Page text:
Today, I went to a dark place… a very dark place.
I was just writing my story about Medea (like y’do), and it took such an unexpected turn, even I didn’t see it coming. I think it was because I was chatting to an acquaintance (a writer) about writing about Medea, and as soon as I mentioned her, he tried to confirm that this was about the wife and notorious child-killer. I pointed out that yes, it’s about her. Maybe I was struck by the instant prejudice, I don’t know, but as soon as I returned to my story, I found the writing started trying to defend her, to make her remotely human (well, more than before, I mean). I realise it’s not a writer’s job to explain or defend why they’ve chosen a specific subject or character – at least, not in the world where the fiction takes place…
I don’t mind characters being hated (at least, not when I intend them to be viciously evil and get up to no good, hehe) but I’ve been trying to make Medea… human or at least, approachable, if you will. Which is probably the wrong idea when talking about someone who did what she is claimed to have done. I dunno… Maybe that’s the problem.
But how do you defend a character with such a dark past and precedent? I mean, a character so dark and ‘damned’ from the start that everyone hates them? The Medea story is well-known, so I’m trying to approach it in an unexpected way. I guess this is kind of the problem the classical tragedians would have faced, what with rehashing stories everyone knew back in the 5th century BCE. Yet… even if we know the end, does it make Antigone’s death or Hamlet’s ‘to be or not to be’ any less valuable? Not that I’m comparing myself to either Sophocles or Shakespeare in any way – I’m just trying to work out whether I should actually write this story. Perhaps it’s the force of the inevitable, the knowing that ‘it must be done’ that makes them so powerful. That’s what Euripides’ Medea seems to try to convey at certain points – she sees it as the ultimate and the only way to exact her vengeance upon Jason. But how do you make a character like that remotely approachable without stepping into dodgy territory? Sure, he lied and broke the oath he swore before all the Gods (that he wouldn’t cheat on her till they died), but how is that justification for what she did (if we are to fully embrace Euripides’ version, of course)?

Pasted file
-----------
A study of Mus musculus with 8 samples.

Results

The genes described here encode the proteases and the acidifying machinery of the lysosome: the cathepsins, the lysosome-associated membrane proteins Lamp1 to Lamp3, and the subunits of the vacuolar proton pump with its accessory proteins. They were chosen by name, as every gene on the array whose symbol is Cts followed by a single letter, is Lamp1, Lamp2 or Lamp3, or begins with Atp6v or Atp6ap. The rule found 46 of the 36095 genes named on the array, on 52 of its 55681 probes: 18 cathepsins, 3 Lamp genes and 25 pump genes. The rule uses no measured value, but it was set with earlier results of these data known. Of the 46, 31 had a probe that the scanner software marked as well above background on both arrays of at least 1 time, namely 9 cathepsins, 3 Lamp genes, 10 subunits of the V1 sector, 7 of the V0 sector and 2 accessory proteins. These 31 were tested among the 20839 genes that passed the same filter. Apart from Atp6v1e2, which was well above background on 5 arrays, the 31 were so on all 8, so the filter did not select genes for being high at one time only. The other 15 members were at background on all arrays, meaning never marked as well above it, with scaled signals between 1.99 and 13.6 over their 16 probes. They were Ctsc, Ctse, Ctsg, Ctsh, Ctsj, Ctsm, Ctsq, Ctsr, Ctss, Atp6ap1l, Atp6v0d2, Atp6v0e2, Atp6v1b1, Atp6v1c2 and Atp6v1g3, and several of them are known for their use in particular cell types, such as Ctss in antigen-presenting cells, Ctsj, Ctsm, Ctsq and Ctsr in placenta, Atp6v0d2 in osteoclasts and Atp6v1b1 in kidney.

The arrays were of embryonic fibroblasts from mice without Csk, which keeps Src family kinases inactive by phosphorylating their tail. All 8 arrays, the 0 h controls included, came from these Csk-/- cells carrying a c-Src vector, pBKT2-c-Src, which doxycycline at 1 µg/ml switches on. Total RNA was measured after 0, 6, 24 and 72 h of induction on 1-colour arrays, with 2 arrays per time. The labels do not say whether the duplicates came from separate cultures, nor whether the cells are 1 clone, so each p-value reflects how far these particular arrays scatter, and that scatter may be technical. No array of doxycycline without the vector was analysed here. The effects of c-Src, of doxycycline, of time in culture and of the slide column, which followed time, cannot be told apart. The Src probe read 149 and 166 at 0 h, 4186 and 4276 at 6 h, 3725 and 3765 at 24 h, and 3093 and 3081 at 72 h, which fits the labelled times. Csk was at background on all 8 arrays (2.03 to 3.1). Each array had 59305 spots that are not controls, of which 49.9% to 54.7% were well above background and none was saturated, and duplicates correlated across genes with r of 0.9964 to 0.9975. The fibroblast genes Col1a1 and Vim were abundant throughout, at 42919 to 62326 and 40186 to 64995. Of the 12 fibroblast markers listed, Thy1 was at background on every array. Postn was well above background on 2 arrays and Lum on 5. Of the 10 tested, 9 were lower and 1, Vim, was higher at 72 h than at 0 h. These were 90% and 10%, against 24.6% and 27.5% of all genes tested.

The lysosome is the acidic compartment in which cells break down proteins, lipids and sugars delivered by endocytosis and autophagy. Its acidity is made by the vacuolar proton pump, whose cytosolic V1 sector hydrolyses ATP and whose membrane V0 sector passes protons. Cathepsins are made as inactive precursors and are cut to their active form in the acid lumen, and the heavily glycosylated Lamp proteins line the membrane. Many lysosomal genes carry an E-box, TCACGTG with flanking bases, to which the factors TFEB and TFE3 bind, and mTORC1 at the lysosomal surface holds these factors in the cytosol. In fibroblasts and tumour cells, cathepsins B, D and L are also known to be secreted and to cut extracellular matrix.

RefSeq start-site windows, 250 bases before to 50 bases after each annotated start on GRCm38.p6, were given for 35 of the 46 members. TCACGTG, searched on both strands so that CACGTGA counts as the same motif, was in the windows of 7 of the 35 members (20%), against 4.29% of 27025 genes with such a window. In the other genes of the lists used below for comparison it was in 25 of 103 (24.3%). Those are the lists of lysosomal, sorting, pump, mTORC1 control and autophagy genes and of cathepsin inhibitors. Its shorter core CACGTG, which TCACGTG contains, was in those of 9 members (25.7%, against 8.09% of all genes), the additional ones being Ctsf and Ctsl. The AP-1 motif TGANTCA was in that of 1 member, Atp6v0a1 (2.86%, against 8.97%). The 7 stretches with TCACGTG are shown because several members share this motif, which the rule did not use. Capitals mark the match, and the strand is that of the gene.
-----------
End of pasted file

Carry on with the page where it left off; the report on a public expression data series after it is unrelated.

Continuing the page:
Clearly there’s a conflict of ‘crime’ here that doesn’t sit well with the human conscience: breaking a binding, lifetime-long oath to the Gods vs. killing children. I mean, evidently it isn’t even a dilemma worth answering. Then again, wasn’t Abraham ready to kill Isaac in the name of God, to prove how unwavering his faith was?
Geez, this is dark territory… Uncharted waters (at least for me), I tell you!